Remembering the Atrocious Manili Massacre

“The outstanding feature of the Manili massacre was its meaninglessness.  There were no big political or religious issue at stake, no significant personality clash, no prospect of commercial gain for any party.”

Thus, T. J. S. George wrote in his book, ‘Revolt in Mindanao:  The Rise of Islam in Philippine Politics.”

George was then the editor of Asiaweek in Hongkong.

The Manili massacre occurred inside a mosque in Barangay Manili, Carmen, North Cotabato on June 19, 1971.  At least 79 Muslims (Moros) – men, women, children and elderly – were mercilessly killed by the Ilaga terror gang allegedly backed by the now defunct Philippine Constabulary (PC).

One of the women, a teenager, was raped before she was killed in a nearby house. 

The residents of Manili were called for a meeting by some Christian leaders inside the mosque that fateful morning.  Most of them did not have any hint that something tragic was about to happen to them.

When the PC troops and the Ilaga members arrived, they demanded that the residents surrender their firearms.  The residents asserted that they could not surrender a firearm since they did not have any.

It was then that the murderers shot dead the community leader, Hajji Yusof Nagle, at close range outside the mosque. Afterward, they lobbed grenades to the people inside.

The Manili massacre was just one of the atrocities perpetrated against the Moros at that time that alarmed them and their leaders.

On July 21, 1971, concerned Moro politicians and religious leaders including groups of Moro nongovernment organizations, intellectuals, businessmen and students issued a manifesto, a part of which read:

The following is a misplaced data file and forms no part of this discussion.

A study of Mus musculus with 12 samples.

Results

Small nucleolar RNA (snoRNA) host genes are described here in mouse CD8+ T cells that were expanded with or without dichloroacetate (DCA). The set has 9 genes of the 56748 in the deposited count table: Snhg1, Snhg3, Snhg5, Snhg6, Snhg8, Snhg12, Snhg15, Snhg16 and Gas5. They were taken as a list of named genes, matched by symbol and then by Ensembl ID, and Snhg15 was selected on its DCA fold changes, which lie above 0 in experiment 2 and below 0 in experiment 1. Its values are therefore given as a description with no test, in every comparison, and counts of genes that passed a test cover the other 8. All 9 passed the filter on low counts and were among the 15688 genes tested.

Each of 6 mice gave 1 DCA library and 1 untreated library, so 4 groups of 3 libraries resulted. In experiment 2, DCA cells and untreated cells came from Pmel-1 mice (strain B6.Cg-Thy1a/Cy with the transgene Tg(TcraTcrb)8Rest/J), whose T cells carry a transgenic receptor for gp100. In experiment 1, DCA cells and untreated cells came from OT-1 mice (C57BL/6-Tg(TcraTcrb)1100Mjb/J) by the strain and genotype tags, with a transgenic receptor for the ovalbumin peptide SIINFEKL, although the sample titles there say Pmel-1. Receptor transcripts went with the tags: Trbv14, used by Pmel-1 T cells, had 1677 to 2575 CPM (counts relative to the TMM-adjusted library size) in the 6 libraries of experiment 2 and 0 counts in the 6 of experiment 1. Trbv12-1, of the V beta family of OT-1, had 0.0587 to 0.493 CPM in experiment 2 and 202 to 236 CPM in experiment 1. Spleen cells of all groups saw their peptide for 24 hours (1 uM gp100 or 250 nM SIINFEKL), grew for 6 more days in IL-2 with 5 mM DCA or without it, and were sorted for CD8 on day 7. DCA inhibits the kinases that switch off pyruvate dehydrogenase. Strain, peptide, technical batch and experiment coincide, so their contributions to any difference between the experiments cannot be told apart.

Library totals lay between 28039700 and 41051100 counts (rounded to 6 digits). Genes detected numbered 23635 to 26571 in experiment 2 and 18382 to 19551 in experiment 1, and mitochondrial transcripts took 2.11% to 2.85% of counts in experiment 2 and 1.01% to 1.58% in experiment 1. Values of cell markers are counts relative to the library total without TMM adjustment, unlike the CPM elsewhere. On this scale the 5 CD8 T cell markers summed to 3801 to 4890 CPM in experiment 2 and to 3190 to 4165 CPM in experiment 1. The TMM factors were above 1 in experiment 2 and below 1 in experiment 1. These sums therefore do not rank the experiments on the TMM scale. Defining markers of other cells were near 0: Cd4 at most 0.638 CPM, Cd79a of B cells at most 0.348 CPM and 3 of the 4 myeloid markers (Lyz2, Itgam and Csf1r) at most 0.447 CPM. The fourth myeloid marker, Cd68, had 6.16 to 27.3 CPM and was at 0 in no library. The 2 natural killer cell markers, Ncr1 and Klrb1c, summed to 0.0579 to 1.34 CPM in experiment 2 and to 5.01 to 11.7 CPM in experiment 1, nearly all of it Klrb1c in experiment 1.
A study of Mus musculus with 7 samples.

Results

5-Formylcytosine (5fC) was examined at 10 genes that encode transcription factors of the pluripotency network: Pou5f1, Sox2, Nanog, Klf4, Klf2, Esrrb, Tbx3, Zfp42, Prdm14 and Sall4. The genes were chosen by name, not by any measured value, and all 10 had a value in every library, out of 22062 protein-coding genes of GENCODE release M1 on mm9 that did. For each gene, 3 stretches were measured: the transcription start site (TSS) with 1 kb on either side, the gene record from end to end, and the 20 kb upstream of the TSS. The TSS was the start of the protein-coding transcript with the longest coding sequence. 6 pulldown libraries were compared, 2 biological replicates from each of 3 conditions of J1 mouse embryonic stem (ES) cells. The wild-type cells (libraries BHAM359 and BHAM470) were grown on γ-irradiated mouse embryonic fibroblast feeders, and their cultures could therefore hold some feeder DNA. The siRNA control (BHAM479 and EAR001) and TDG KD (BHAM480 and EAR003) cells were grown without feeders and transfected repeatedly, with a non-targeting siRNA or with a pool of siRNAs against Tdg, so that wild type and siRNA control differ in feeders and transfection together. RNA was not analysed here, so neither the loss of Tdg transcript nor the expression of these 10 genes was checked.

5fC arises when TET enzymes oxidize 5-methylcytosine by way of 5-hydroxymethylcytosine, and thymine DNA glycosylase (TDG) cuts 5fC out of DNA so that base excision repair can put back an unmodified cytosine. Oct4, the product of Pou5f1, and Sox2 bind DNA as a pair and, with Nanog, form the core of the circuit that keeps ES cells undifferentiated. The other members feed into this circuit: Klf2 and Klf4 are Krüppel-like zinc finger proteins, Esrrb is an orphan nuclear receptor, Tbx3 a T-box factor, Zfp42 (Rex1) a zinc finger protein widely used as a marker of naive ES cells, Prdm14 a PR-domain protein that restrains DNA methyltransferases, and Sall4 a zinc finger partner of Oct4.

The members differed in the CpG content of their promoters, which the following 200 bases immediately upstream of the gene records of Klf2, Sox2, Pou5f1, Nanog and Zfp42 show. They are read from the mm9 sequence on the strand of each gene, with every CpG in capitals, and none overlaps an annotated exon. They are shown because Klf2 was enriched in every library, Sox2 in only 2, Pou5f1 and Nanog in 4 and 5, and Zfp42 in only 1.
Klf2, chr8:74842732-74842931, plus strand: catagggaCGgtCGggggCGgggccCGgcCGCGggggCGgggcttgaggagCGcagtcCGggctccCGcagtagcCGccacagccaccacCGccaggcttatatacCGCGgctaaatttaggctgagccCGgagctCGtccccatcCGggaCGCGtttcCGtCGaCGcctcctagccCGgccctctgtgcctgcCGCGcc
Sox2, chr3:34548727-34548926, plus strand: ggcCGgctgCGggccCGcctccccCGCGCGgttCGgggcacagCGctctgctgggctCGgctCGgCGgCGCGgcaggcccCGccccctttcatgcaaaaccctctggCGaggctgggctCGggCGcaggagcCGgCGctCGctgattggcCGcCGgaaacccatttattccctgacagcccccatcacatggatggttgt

“We urge the Catholic hierarchy and other Christian groups to exercise their moral and spiritual leadership to appeal to their co-religionists to respect Islam and Muslims as the basis for peace and harmony.  We appeal to all progressive and well-meaning Christians to exert their efforts in bringing about unity in order to prevent the disintegration of the nation . . . . If we shall not get justice thru a peaceful and legal means – we hereby pledge today before God that despite our present personal positions, we shall do our utmost to preserve our community and land.  Toward this end we are willing and ready to sacrifice our worldly possessions and even our lives as our forebears have done before us in defense of freedom and Islam.” 

When the great Libyan leader, Muammar Gaddafi, learned about the apparent genocidal campaign against the Moros, he sent assistance for the Moro refugees and later on even military and diplomatic support.

The survivors and the relatives of the atrocious Manili massacre are still awaiting justice.

They pin their hopes in the possible establishment of the National Transitional Justice and Reconciliation Commission for the Bangsamoro (NTJRCB) which will address the legitimate grievances of the Bangsamoro people, correcting historical injustices, and addressing human rights violations and marginalization through land disposition.